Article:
Farming Smarter Field School 2017 #FSFS17
People that came to #FSFS17 found out just how effective it can be to take the long view in farming. Sometimes, it takes an Old Timer to give a real perspective on how much farming can change in one life time and offer logical predictions for future change.
The genuine Old Timer farmers on hand were Ron Svanes, President of the Prairie Tractor and Engine Museum in Picture Butte, and Richard Fritzler founding member of Southern Applied Research Association and Southern Alberta Conservation Association; which merged to become Farming Smarter.
They each have around 50 years of farming expereince in southern Alberta and watched as everything changed – equipment, crops, bugs, diseases, climate, government policy and faces in the industry. Along with the equipment Ron brought from the museum, these two offered a clear picture of life as a farmer over the recent past.
One of the areas that’s changed quite a bit in those years is how southern Alberta irrigates. Roger Hohm brought his 40 years experience in the irrigation sector and combined it with Shelley Barkley’s knowledge as a soil and water scientist with the Irrigation and Farm Water branch of Alberta Ag. These two gave a great overview of irrigation history in Alberta and technology emerging in the industry. This is one of the areas where agronomic, social and environmental considerations spurred rapid change in the past 20 years and that shows no sign of abating.
The sessions with Dr. Tom Jensen, Director with North America Program International Plant Nutrition Institute (IPNI ), Dr. Bob Blackshaw, Rob Dunn, Dr. Wayne Lindwall and Dr. Ben Ellert really offered a lot of related information around soil health, plant needs and agronomic care of soil and water for optimum crop growing results.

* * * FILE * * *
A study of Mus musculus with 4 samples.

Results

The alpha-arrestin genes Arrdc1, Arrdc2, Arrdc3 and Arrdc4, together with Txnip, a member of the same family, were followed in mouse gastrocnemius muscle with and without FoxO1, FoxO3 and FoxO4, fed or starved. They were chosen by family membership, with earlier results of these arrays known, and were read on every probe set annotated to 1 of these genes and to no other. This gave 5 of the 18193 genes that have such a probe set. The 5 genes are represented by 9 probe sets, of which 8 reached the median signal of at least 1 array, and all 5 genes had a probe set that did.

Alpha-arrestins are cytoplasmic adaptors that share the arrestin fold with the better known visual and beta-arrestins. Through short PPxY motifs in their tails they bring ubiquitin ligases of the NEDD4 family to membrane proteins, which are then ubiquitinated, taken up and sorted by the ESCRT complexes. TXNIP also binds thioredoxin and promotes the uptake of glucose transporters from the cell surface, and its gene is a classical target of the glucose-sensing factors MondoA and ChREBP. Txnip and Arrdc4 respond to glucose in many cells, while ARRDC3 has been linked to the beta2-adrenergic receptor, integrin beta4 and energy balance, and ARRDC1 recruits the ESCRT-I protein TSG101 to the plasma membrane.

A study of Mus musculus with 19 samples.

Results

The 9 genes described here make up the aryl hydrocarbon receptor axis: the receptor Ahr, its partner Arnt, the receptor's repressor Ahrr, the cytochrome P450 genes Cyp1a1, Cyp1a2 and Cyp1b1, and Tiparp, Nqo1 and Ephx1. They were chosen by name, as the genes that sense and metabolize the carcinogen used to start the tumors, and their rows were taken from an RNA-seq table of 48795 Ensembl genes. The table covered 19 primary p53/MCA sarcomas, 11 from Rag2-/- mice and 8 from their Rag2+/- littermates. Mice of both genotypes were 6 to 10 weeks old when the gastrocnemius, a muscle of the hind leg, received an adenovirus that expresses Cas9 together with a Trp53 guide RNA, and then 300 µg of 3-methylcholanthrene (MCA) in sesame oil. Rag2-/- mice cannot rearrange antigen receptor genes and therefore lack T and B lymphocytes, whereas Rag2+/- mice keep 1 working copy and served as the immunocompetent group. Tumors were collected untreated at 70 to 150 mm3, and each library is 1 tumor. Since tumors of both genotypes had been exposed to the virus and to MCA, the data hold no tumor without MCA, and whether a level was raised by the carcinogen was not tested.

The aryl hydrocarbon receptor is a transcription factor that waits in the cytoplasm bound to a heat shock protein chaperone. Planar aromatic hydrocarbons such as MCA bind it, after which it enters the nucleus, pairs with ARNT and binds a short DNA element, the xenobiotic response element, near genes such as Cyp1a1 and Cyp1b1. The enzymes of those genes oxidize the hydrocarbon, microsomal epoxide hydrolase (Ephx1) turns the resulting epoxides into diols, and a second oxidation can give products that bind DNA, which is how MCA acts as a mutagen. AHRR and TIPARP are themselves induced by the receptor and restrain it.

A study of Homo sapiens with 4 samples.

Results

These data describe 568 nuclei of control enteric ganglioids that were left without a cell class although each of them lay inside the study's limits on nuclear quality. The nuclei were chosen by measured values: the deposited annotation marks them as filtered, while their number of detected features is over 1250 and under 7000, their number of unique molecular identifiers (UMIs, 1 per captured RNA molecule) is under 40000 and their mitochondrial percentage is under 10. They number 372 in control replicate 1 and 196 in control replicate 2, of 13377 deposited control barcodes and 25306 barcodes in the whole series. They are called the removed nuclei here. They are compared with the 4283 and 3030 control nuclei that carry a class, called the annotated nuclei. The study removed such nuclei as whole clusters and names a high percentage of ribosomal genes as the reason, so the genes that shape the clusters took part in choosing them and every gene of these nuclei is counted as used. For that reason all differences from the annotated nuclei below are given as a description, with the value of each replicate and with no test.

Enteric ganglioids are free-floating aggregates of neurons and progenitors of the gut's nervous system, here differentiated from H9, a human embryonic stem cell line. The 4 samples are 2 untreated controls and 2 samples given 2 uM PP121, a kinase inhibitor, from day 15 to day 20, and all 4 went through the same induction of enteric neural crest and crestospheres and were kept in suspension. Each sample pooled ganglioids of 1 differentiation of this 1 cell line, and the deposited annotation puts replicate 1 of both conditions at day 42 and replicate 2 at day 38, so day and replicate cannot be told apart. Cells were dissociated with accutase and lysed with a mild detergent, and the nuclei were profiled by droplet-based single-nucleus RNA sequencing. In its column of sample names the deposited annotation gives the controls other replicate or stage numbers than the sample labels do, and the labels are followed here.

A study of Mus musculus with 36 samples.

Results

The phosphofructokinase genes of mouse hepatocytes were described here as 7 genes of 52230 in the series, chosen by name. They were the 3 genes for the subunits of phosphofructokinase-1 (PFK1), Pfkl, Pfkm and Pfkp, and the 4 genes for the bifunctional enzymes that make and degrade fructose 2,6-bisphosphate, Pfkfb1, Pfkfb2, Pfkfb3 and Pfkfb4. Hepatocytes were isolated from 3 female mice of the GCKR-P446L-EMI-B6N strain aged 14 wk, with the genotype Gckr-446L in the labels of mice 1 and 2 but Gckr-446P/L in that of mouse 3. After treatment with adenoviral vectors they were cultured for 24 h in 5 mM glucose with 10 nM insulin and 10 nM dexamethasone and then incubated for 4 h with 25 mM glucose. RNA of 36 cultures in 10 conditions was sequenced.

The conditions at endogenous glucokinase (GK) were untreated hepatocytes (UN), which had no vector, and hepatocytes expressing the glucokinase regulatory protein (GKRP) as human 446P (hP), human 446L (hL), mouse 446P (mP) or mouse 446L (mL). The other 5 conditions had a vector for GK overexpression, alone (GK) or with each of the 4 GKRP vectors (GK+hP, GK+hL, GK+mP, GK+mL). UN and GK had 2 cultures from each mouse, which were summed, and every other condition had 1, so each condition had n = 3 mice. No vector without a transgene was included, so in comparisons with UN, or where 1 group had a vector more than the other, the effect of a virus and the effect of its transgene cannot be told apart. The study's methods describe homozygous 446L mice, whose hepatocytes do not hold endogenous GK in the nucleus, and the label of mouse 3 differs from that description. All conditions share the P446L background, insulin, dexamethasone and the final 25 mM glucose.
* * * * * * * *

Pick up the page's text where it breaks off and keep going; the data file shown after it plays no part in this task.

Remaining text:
These sessions highlighted how farmers constantly innovate, diversify & reduce the enviromental impact of crop production. It’s a life long learning process and Farming Smarter helps regional crop producers with some of the big questions.
Such as how will precision planter technology change crop farming; which was the topic Farming Smarter General Manager Ken Coles addressed based on current Farming Smarter projects. This techology has the potential to change the way crops get planted and perhaps even provide innovations we can’t see yet as more people switch to these types of planters.
Dr. Reem Aboukhaddour talked about the five wheat diseases that have followed humanity through our agricultural history and how we developed breeds with resistance, but not cures that allow us to let down our guard. She also talked about management practices we’ve developed and the research that continues.
Finally, Wendy Aitkens enthralled us with a history of southern Alberta people and events that shaped our modern culture, landscape and industry.
Farming Smarter Field School is always a day packed with facts, ideas and sharing so it’s hard to capture it all in a few words. But 2017 was exceptional for the perspective it offered on the industry that populated the land in the Palliser Triangle.